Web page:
The blue-chip index, which also jumped to a new intraday record of 17,395 in mid-morning trading, logged its best week in two years.
After weeks of volatility, Wall Street has calmed a bit in the second half of October. Traders were faced with the looming end of the Federal Reserve’s bond-buying stimulus program, coupled with growing concerns over global economic growth.
The Fed on Wednesday officially declared that QE3 will come to a close this month. But the Bank of Japan sung a different tune.
On Friday, its policy makers voted 5-4 in favor of expanding quantitative easing to about 80 trillion yen annually, or $727 billion. That reflects an increase of 30 trillion yen compared to the central bank’s current stimulus program.
The Bank of Japan also announced it will triple purchases of exchange-traded funds and real-estate investment trusts.
“Clearly it’s good for equities, but it’s very, very bad for the yen,” Paul Mortimer-Lee, global head of market economics at BNP Paribas, said on 'Opening Bell with Maria Bartiromo.'
The yen moved to its weakest level against the U.S. dollar since December 2007. Japan’s currency depreciated to 112.47 yen per dollar in recent trading, up 3%.
The European Central Bank will likely follow in the BoJ's footsteps, and announce additional stimulus measures of its own in December, Mortimer-Lee added.
In corporate news, Exxon Mobil (NYSE:XOM) beat Wall Street views with 3% earnings growth for the third quarter despite lower production and a decline in realized oil prices. Shares closed 2.4% higher.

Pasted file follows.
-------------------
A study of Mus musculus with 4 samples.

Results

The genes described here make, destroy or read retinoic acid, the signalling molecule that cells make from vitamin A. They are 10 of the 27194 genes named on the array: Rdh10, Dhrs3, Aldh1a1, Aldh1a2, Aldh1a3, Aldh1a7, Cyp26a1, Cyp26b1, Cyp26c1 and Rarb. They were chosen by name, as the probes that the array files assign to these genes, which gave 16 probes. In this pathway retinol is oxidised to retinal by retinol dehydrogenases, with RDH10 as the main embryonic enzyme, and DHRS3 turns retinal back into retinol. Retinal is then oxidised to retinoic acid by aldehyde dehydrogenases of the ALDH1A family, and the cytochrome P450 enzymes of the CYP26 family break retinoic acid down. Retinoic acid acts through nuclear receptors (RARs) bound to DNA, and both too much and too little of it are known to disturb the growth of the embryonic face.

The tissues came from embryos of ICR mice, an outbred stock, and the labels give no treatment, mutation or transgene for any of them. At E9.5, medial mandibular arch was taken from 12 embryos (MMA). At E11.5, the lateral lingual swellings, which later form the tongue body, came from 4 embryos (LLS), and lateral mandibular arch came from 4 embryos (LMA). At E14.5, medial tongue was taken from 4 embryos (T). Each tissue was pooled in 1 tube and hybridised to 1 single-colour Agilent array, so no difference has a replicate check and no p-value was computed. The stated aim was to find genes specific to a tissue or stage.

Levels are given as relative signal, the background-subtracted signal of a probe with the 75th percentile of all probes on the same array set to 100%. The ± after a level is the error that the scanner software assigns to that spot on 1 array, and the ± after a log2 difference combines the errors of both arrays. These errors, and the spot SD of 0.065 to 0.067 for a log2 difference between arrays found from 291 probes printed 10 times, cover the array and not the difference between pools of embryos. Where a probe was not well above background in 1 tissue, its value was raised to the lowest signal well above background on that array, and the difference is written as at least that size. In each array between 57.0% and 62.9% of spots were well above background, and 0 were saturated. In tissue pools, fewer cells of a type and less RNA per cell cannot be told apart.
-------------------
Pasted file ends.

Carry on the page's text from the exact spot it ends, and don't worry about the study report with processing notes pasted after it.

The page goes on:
Chevron (NYSE:CVX) posted a 13% increase in its third-quarter profit and topped consensus estimates, sending shares up 2.4%.
Starbucks (NASDAQ:SBUX) dropped 2.3% after providing weaker-than-expected guidance for its current quarter and fiscal 2015.
In commodities, West Texas Intermediate crude oil fell 58 cents to $80.54 a barrel. Wholesale New York Harbor gasoline slipped 2.31 cents, or 1%, to approximately $2.17 a gallon.
AAA said the national average for retail gasoline prices is expected to drop below $3 per gallon Saturday. Gas prices haven’t reached that milestone since December 2010.
On the economic front, the Labor Department reported consumer spending last month fell 0.2%, the first drop for the gauge since January, while the Street was looking for a 0.1% increase. Meanwhile, personal income rose 0.2% in September, its weakest pace since December, coming in short of expectations for a 0.3% increase.
A gauge of Midwest manufacturing activity was also released Friday, which showed factory activity in the region accelerated during the month of October, though it was expected to fall. The gauge jumped to 66.2 from 60.5 the month prior, while economists anticipated a slight drop to 60.
A reading on consumer sentiment from Thomson Reuters and the University of Michigan showed consumers were more optimistic in October. The gauge rose to 86.9, topping expectations for a reading of 86.4. The reading was the highest since July 2007.